The methods for establishing mixing intensity for other types of turbine impellers such as the hydrofoil impeller in Fig. 2 are the same as for the pitched-blade turbine used in the previous example. Some other impeller types, including an anchor impeller, are not as well established with respect to mixing intensity. However, power and mechanical design calculations still are important.
Figure 2. Blade Configuration Influences Mixing Intensity
Mixing intensity can be determined for many blade configurations besides common pitched-blade turbines, such as hydrofoil impeller (left). The calculations do not lend themselves to anchor impeller configurations (right).
Mind the mechanical design
Once process conditions are satisfied, you must evaluate the mechanical design. Shaft design must satisfy strength requirements to handle the torque required to turn the impellers, as well as the bending loads from random hydraulic forces on the impellers.
You can calculate torque by dividing the power by the impeller speed. You then can estimate random hydraulic loads on the impeller from the torque and impeller diameter, but you might require a service factor for certain applications. Impellers that operate near the liquid surface or in gas-dispersion applications might have hydraulic loads as much as three times that of typical liquid operation.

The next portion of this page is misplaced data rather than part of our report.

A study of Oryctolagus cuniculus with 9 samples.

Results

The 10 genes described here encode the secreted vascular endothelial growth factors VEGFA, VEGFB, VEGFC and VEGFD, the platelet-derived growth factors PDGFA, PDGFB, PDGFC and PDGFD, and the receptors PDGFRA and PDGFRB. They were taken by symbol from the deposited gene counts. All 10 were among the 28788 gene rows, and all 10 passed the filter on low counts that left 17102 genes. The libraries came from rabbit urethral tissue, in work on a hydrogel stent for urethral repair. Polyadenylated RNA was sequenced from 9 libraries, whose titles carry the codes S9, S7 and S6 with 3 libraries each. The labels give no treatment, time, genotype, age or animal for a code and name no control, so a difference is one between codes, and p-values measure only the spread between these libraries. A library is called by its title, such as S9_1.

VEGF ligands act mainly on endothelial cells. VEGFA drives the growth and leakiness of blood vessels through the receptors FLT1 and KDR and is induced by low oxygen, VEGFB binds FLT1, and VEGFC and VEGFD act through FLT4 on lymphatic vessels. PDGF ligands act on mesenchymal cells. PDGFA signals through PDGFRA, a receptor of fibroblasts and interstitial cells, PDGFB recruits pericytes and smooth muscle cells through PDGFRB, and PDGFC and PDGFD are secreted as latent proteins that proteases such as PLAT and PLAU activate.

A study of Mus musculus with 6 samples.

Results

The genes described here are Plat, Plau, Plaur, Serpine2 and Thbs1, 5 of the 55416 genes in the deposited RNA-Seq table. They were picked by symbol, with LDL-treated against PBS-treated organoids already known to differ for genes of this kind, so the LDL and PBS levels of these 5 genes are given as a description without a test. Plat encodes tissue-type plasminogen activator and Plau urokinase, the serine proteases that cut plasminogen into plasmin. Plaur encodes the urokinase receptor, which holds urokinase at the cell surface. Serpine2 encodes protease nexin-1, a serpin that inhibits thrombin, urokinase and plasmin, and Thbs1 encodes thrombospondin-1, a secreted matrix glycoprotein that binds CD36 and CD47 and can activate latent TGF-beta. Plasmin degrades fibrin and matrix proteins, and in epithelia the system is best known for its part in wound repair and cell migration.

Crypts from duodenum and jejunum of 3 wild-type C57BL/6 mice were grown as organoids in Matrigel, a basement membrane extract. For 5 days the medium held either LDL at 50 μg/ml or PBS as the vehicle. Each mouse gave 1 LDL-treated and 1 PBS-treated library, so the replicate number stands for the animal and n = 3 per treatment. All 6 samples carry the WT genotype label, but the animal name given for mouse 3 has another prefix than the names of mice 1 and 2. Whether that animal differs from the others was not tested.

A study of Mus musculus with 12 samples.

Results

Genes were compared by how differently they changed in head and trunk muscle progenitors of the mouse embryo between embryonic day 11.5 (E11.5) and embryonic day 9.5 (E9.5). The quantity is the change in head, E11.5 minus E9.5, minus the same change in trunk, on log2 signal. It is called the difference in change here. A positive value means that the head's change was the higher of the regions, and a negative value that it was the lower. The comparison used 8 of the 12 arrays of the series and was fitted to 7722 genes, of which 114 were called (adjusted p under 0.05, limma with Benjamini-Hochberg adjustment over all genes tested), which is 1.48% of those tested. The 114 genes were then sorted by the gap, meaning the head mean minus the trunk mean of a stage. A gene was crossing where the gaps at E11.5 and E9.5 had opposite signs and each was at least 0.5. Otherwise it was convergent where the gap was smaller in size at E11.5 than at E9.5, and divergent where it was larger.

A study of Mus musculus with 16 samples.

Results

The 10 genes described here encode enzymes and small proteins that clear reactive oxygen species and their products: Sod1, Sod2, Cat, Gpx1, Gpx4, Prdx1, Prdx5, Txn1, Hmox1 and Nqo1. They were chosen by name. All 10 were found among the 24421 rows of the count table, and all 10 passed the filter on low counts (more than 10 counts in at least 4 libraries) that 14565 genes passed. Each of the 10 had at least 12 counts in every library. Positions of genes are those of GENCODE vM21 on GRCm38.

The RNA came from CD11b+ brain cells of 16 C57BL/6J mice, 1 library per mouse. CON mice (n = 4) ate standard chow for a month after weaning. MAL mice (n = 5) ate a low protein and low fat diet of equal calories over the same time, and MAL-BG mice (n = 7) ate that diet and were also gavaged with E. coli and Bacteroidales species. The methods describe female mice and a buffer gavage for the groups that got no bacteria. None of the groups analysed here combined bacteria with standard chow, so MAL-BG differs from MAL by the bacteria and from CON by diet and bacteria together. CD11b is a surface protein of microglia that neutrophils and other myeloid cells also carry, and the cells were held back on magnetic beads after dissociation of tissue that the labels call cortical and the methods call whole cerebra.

Another mechanical consideration is the natural frequency, also called critical speed, of the shaft. Natural frequency is more difficult to estimate than loads because impeller weights and support stiffness come into play. However, all mechanical requirements for a mixer can be estimated with software. By entering actual values for shaft diameter and impeller weights, you can achieve natural frequency calculations sufficiently accurate for general review.
By gaining an understanding of mixing capabilities and using systematic methods to design mixing equipment, you can improve engineering tasks. By defining mixing capabilities, you will be better able to document and evaluate existing equipment. Process changes or new operating conditions can be analyzed before the first batch is tried.
You can design new mixing equipment from scratch or evaluate equipment proposals from suppliers. Although computer-generated calculations are no substitute for experience, they lend guidance and can help you avoid obvious mistakes.
1. Hicks, R. W., et al. "How to Design Agitators for Desired Process Response," Chemical Engineering, April 26, 1976, pp. 102,"110.
2. Dickey, D. S. "Program Chooses Agitator," Chemical Engineering, Jan. 9, 1984, pp. 73,"81.
3. Hicks, R. W. and D. S. Dickey. "Applications Analysis for Turbine Agitators," Chemical Engineering, Nov. 8, 1976, pp. 127,"133.
Dickey is senior consultant for MixTech Inc., Dayton, Ohio, and Souza is chairman of Cerebro Inc., Campinas, SP, Brazil. Reach them at 937-431-1446 and 305-592-6332 (U.S. office), respectively.